After about a month of staying in Havana, we were taking a week-long trip outside of the city, to some of the central provinces in the breath-taking island country. Our first stop was Santa Clara, where I was first introduced to the casa particular concept, basically a Cuban Bed & Breakfast. We arrived in Santa Clara after dusk, and it was hard to see, not necessarily because of the darkness, but because of the dust. I imagined that the dust was from the city’s centuries of history and revolutionary battles, but I’m not sure such a virtuous reason is accurate. Anyways, we arrived on a narrow street filled with tan colonial houses and our curly-haired instructor knocked on the door. The woman who opened the door smiled, almost screamed with excitement, and hugged Humberto. She invited us all in and showed us immediately to our rooms. They were simple, with four walls, colorful bed sheets, and twin beds, but were just what we all needed after the long drive over bumpy roads. As we were opening our suitcases, ready to turn in for the night, a man with the same face as the woman, but older, stopped at the door, smiled at us, and welcomed us in Spanish. We smiled back and nodded, rendered speechless by our exhaustion.
The next morning we woke up refreshed, and like I said, it was a bed and breakfast, so we were prepared to truly stuff our faces with homemade Cuban cuisine. We all rose up the staircase to the top floor of the house and sat down to eat. I don’t remember much about the actual food, but I remember it was the first time really drinking fresh guava (guayaba) juice. After my first sip, I had one of those moments where you drink something and aren’t really sure that you like it, but for some reason you can’t stop drinking it and you end up becoming obsessed with it. Does anyone else do that? Anyways, I drank the whole glass of that sweet pink nectar, fresh from the fruit, and then asked for more.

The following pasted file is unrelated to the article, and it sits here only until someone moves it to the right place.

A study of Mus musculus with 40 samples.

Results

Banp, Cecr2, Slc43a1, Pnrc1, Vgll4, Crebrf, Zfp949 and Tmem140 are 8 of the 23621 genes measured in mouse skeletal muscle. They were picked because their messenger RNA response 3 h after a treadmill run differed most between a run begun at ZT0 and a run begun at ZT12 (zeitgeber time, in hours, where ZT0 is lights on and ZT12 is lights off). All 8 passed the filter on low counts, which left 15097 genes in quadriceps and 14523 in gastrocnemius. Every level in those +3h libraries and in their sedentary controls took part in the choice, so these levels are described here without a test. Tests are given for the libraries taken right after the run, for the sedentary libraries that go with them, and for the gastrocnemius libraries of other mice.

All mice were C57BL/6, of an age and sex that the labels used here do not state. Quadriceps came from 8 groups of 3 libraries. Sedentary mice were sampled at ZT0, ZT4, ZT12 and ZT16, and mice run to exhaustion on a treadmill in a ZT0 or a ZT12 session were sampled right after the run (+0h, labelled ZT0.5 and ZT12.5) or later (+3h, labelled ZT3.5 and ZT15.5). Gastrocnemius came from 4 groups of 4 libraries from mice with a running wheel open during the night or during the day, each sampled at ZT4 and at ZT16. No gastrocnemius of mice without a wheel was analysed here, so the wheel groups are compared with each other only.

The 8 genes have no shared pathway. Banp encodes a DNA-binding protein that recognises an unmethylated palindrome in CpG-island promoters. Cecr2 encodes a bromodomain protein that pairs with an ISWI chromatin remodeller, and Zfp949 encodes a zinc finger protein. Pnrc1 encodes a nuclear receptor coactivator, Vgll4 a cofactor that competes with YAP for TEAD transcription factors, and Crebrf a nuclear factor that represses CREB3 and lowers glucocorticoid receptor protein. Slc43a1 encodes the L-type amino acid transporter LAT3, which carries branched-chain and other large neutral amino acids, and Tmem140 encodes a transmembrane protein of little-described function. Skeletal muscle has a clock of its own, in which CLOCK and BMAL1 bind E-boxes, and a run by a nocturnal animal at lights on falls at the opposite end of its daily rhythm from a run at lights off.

For some reason, I never had a cocktail with fresh juice in Cuba, despite the plethora of fresh-squeezed juices on street carts, in counter stalls, hotels, and of course, casas particulares. The only plausible reason I can conjure up for this depressing lack of juice and liquor combinations is that they make my husband run to the bathroom immediately in a bad way, and I was usually drinking with him. Despite this, he has assured me there are drinks that are popular among habaneros that use all kinds of fresh juices.
I played with this cocktail a bit to get the right balance of flavor and I ended up becoming very fond of mixing the guava juice with orange juice; it just made the guava juice’s nuanced flavor stand out even more. Of course, cocktails are super customizable, and can be easily adjusted by the drinker or server. So after all of this chatter, finally, here is the recipe for the Guava Orange Cocktail, perfect for any party you may be attending today. I, personally, feel exceptionally ready to party today, because here in the Northeast it is supposed to be GORGEOUS this weekend, and I can’t wait to get outside, bust out the patio furniture, and make this drink. I hope you have a wonderful, possibly-liquored, start to your weekend!
Guava Orange Cocktail
Notes: These measurements are for one good-sized cocktail. If you were making this for a crowd in a pitcher, I would adjust the measurements so that in the end you would have half orange juice, half guava juice, probably about 1/2 lime per serving/drink you are planning to have, rum to your discretion, and probably a cup or two of seltzer to top it off. These are perfect to eat with tostones.
- orange juice
- guava juice
- 1 lime
- ice cubes
- something to mix with
- Cut a lime in half, cut one half into slices for garnishes, and save the other half for the cocktail.
- Mix 3 ounces of orange juice and 3 ounces of guava juice together.
- Add 1 ounce of rum, and then 1 ounce of seltzer.
- Garnish with a lime slice, serve over ice, and enjoy!